China Leason budgets 200m yuan to expand gas liquefaction

PUBLISHED : Monday, 21 April, 2008, 12:00am
UPDATED : Monday, 21 April, 2008, 12:00am
 

China Leason Investment Group, a computer supplies seller that diversified into liquefied coal-bed gas production, plans to spend more than 200 million yuan (HK$223.27 million) to double gas liquefaction capacity by next year, according to chairman Wang Zhongsheng.

The Growth Enterprise Market-listed firm would add 250,000 cubic metres of daily capacity in each of two phases of expansion, with the first due this year and the second next year, Mr Wang said. They will add to the first phase's 500,000 cubic metres of daily capacity, which is due to come on stream by the end of next month.

'Our original plan was for phase one to supply gas by March, but severe winter weather early this year had delayed the transport of materials to our work site and hence progress of the project,' Mr Wang said.

First-phase liquefaction and storage facilities are in Qinshui county, Shanxi province while the second phase is in nearby Yangcheng county. Shanxi is the nation's largest coal-producing region accounting for about 25 per cent of the nation's output.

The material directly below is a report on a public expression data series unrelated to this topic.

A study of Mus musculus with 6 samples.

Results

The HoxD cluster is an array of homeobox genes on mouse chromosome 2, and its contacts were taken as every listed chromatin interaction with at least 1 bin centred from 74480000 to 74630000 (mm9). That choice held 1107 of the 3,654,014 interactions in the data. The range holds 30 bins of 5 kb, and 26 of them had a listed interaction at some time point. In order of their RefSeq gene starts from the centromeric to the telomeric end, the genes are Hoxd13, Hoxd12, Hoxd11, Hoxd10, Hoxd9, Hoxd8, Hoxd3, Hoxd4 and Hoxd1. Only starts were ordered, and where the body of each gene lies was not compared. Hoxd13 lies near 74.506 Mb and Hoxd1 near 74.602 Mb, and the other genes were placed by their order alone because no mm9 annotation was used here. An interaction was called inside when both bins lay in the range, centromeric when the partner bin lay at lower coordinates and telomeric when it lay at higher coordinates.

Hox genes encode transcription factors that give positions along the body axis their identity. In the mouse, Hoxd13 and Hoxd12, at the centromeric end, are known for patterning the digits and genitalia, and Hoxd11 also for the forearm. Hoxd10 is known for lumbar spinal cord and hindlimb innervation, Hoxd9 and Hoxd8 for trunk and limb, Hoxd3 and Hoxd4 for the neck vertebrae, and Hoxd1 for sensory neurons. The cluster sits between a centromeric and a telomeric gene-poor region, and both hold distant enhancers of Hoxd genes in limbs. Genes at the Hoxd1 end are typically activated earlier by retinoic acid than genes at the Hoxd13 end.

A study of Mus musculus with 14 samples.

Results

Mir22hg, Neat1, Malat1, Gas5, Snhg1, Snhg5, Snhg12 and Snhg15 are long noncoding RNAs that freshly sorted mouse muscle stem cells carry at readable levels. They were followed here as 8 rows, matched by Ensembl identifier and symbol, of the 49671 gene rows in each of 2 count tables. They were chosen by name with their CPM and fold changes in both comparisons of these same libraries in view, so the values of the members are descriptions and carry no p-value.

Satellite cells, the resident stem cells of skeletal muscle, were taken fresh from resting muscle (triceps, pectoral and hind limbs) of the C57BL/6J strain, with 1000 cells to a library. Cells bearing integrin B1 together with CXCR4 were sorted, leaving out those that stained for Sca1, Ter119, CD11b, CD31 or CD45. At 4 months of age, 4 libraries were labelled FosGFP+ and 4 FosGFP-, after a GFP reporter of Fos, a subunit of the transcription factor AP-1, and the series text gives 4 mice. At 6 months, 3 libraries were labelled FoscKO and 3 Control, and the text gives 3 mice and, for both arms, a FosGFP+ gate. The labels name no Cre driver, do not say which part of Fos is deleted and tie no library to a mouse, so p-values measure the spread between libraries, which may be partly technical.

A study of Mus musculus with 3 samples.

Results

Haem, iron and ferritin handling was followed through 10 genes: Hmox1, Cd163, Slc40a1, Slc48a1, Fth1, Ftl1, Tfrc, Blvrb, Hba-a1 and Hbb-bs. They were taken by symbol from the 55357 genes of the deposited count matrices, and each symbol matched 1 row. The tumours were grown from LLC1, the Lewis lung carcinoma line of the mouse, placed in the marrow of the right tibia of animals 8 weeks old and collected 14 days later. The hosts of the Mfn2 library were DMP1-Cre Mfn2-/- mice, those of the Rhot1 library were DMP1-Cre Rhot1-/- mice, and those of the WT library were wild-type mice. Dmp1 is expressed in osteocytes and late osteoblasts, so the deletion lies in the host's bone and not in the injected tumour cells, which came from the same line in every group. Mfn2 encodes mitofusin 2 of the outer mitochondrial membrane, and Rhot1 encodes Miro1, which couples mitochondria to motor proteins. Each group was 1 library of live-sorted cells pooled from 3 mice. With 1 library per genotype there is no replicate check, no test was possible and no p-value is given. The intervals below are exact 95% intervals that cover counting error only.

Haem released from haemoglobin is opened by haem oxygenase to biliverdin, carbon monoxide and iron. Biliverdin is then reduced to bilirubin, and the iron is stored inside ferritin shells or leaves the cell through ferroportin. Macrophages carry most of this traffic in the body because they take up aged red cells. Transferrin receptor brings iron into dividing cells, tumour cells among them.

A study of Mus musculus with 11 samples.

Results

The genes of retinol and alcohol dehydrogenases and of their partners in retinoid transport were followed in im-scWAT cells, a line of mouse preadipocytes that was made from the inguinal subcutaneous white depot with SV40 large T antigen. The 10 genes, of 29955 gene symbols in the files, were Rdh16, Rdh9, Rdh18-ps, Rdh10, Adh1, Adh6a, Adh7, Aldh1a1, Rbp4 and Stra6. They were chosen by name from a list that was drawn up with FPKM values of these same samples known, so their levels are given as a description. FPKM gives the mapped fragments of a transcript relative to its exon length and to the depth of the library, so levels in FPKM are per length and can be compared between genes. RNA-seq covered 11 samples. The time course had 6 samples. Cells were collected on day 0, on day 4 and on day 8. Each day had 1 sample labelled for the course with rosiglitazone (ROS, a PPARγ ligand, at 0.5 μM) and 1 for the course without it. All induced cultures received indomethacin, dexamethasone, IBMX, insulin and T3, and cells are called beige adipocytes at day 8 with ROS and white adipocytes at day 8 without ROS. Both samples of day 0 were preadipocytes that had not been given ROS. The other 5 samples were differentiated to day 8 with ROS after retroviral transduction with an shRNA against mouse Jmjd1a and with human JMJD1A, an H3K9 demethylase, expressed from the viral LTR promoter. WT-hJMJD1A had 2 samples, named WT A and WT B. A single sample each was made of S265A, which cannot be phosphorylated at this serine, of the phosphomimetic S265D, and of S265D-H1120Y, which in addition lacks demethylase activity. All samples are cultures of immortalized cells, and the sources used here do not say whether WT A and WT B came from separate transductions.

Mr Wang expected cash flows from the first-phase development and bank loans to be sufficient to fund the second-phase expansion.

China Leason had HK$51.7 million of cash and bank deposits at the end of last year. It raised HK$53 million from a placement last month.

Coal bed gas is natural methane gas trapped between coal seams. Its extraction and use in China has been small compared to conventional natural gas that exists in tandem with crude oil, due to technical challenges and a lack of investment. Small-scale extraction meant infrastructure such as pipeline systems have not been developed.

The gas has mainly been consumed locally or liquefied and moved by trucks to coastal markets to plug gaps in the supply of conventional gas.

Once large-scale production is realised, Mr Wang expected the central government to require coal bed gas producers to sell a certain amount of their output through long-distance pipelines to help relieve gas shortages in major cities.

China Leason intends to sell its gas to ceramic producers in Zhejiang and Guangdong provinces as well as the Guangxi autonomous region this year, and to expand sales to other industrial users in northern and eastern China next year.

Coal bed gas was cheaper for its customers, compared to liquefied petroleum gas and fuel oil produced from crude oil, Mr Wang said.